Page last updated at 10:54 GMT, Monday, 16 June 2008 11:54 UK

Regulate unorthodox therapy call

Man receiving acupuncture
The government is already looking at the issue

Acupuncture, herbal medicines and other traditional treatments should be regulated in the UK "without delay", experts say.

The government-appointed steering group said patients were put at risk by the "incoherent" way the industry was run.

The report does not cover other forms of alternative therapy like homeopathy, but would affect 8,000 practitioners.

Ministers have already been looking at the issue and now plan to run a quick consultation on how to proceed.

But the group of experts expressed frustration changes were not happening immediately.

The current incoherent state of affairs is simply not sustainable
Professor Mike Pittilo, chairman of steering group

The issue was raised by a House of Lords report in 2000 and that has been followed by various consultations.

One of the key problems has been how to regulate treatments for which there is limited evidence of effectiveness.

But the experts, led by Professor Mike Pittilo, the vice chancellor of Aberdeen's Robert Gordon University, said unregulated treatments were putting patients at risk.

They said acupuncture had been known to cause kidney damage when the needles were inserted too deeply, while herbal medicines had been found contaminated with steroids.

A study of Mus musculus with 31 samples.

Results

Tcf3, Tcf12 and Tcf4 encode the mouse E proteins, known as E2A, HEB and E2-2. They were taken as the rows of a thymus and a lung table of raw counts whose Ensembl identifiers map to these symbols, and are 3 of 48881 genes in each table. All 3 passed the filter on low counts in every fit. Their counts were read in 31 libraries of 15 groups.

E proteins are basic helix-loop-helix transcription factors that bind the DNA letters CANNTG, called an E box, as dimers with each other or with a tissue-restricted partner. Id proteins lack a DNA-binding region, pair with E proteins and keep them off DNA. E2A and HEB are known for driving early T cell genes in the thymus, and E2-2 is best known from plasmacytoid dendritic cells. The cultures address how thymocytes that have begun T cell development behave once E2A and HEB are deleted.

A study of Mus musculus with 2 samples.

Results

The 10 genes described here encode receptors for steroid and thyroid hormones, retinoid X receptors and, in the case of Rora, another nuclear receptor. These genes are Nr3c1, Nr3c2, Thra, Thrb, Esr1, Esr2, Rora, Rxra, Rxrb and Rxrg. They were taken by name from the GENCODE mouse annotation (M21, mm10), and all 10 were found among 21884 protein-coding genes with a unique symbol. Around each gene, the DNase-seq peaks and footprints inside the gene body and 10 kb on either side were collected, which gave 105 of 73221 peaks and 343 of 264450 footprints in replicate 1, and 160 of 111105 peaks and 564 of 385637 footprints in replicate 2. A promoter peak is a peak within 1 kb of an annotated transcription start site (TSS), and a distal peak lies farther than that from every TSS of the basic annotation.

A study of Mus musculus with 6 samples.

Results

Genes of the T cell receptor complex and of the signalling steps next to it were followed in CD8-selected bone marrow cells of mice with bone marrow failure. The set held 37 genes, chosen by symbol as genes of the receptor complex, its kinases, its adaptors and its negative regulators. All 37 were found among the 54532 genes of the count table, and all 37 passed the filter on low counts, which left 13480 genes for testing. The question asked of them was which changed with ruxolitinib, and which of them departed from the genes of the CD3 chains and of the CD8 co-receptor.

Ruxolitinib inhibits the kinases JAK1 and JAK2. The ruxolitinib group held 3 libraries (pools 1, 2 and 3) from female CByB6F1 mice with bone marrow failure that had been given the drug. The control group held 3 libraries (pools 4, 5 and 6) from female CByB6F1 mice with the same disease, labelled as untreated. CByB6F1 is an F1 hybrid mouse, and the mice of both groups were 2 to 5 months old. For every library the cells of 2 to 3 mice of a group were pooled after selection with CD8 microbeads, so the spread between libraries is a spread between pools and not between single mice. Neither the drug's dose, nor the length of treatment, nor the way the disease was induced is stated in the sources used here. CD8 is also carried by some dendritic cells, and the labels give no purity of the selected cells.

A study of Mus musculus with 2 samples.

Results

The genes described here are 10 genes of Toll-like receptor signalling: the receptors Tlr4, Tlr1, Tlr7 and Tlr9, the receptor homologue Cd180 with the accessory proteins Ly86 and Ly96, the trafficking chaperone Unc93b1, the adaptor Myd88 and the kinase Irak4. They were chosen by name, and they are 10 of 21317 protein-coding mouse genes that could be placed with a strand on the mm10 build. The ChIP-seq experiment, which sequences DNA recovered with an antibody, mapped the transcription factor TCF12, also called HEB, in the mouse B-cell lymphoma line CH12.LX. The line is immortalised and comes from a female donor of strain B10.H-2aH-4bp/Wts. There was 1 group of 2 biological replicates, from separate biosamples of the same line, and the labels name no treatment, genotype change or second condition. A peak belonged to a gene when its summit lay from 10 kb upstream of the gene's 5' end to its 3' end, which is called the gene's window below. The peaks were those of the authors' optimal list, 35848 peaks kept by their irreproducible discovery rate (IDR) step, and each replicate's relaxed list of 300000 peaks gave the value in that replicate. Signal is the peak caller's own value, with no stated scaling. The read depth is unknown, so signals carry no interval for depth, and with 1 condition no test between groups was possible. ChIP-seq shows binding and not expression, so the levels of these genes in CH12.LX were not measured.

Professor Pittilo said he wanted to see the public "safeguarded".

"The current incoherent state of affairs is simply not sustainable.

"Without statutory regulation, I believe vulnerable members of the public will be at continuing risk and the efforts of responsible and well-trained practitioners to follow high standards will be undermined."

The steering group was looking at everything from the use of garlic, ginseng and mushrooms in herbal medicine along with a range of traditional therapies such as ayurveda which combines diet, yoga, massage and herbal remedies.

It did not include homeopathy, aromatherapy or massages.

Health minister Ben Bradshaw said a three-month consultation would be run this summer along with negotiations with the devolved administrations before making a decision.

He said: "Patient safety is paramount and people should always seek their GP's advice to ensure that any other therapy does not conflict with any ongoing treatment."